If a cyber 9/11 were to occur, the most likely targets will be industrial control systems that operate the nation's electric grid and other critical infrastructure. And chances are it won't be initially noticed, partly because the IP address of the attacker will originate in the U.S., two top experts told a Senate Judiciary subpanel today. "There are no networks in the U.,S. that haven’t been broken into and in many cases you can break into the equipment and break that," former NSA and DHS official Stewart Baker told the Senate Judiciary subpanel on crime and terrorism.
From that perspective, the most likely scenario for a cyber 9/11 to take place is an attack on critical infrastructure where true equipment damage occurs. "The real risk is that the attacker can hack into industrial control systems and hack into power systems, pipelines" and other essential systems, Baker said.
"I don’t think the first attack, if it’s truly remote will be noticed…it will come from an IP address in the U.S.," Kevin Mandia, CEO of security firm Mandiant said, noting the propensity of attackers to route through vulnerable U.S. systems. "Almost every single attack we currently respond to there are hop points in the U.S." But, even the best devised cyber attack is not a sure thing. "Even from the attacker's perspective, the results will be unpredictable," Mandia said.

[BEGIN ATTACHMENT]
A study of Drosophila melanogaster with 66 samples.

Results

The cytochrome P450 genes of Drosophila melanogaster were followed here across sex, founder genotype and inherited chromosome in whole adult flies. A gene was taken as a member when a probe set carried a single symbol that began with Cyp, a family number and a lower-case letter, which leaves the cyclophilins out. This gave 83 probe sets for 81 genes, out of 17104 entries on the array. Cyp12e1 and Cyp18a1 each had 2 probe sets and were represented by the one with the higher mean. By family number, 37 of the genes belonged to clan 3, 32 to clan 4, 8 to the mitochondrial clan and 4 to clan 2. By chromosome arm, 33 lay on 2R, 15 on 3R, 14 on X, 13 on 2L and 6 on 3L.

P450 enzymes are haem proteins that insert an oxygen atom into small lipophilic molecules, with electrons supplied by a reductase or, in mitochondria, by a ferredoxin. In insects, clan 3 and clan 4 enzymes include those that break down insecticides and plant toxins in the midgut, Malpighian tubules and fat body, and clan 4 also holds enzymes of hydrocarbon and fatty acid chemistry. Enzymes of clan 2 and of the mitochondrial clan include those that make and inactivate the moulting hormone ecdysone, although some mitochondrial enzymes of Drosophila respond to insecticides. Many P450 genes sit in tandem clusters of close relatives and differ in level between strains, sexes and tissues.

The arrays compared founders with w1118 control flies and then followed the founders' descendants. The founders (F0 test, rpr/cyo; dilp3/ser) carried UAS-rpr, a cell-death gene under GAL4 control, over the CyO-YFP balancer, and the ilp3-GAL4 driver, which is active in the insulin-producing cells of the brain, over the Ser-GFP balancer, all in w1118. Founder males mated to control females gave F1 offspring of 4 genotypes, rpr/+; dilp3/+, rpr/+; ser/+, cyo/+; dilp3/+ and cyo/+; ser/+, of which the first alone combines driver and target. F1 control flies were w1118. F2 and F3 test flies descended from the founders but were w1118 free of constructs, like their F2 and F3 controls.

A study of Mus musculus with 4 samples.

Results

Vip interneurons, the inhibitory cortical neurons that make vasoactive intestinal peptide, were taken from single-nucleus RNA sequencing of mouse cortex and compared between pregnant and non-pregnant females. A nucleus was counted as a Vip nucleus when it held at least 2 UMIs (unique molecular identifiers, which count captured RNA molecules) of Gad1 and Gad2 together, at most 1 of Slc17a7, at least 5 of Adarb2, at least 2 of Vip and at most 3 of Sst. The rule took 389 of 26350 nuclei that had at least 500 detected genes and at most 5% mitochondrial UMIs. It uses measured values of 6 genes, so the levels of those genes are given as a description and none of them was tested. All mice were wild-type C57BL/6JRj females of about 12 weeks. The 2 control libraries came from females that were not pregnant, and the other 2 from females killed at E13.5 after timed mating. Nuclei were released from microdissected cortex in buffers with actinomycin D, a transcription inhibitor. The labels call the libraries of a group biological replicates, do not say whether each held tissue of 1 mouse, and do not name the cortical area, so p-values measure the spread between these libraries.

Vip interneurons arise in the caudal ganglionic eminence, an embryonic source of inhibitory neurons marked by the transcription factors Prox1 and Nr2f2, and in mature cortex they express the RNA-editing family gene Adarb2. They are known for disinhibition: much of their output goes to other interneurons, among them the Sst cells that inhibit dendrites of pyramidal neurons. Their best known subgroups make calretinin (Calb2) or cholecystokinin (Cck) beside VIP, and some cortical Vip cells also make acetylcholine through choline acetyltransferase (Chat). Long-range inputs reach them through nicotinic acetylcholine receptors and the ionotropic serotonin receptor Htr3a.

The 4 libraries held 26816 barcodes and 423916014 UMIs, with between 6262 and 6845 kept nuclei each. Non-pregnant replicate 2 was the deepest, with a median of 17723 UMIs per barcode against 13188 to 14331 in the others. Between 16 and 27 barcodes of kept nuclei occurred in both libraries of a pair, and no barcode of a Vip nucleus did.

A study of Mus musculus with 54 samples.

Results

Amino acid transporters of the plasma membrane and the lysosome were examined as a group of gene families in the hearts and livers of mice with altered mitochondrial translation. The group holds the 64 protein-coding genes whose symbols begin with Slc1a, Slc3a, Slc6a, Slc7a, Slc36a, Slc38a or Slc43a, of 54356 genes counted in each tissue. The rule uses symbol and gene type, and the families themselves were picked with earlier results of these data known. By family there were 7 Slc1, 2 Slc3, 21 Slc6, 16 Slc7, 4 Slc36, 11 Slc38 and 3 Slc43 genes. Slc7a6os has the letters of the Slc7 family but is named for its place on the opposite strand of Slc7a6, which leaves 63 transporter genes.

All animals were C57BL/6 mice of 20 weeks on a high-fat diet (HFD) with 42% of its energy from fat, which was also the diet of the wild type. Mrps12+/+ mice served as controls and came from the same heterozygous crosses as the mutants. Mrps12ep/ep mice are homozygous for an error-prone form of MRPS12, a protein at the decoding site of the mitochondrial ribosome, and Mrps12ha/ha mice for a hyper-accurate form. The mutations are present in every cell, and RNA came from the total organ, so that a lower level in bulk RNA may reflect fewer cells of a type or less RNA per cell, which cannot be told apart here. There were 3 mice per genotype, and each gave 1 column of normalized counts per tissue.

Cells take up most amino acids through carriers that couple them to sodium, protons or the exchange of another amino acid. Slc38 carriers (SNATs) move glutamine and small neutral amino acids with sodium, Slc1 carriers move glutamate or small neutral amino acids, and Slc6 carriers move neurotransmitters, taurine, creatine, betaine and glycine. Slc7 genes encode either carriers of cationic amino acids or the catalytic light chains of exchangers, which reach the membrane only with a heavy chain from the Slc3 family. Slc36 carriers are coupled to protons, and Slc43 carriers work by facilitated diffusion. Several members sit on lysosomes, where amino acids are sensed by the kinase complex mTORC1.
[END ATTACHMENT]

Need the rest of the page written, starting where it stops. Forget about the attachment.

Mandatory cybersecurity requirements for critical infrastructure helps boost security, Mandia said. "It has been my experience if there is a standard imposed on your industry, the cybersecurity is better." Even then, though, threats get through. "When it comes to critical infrastructure, the majority of cybersecurity programs [Mandiant has been called in to examine] were mature…but they were still breached."
The hearing, aimed at examining law enforcement and private sector response to cyber threats, follows the introduction yesterday of a bi-partisan Senate bill, the Deter Cyber Theft Act, which requires the Director of National Intelligence to produce an annual report listing foreign countries who conduct cyber-espionage in the U.S. Both Mandia and Baker clearly identified China as the top foreign country engaging in cyber spying and other activities, with Russia a very distant second. "China is the reason my company doubles in size every year," Mandia said.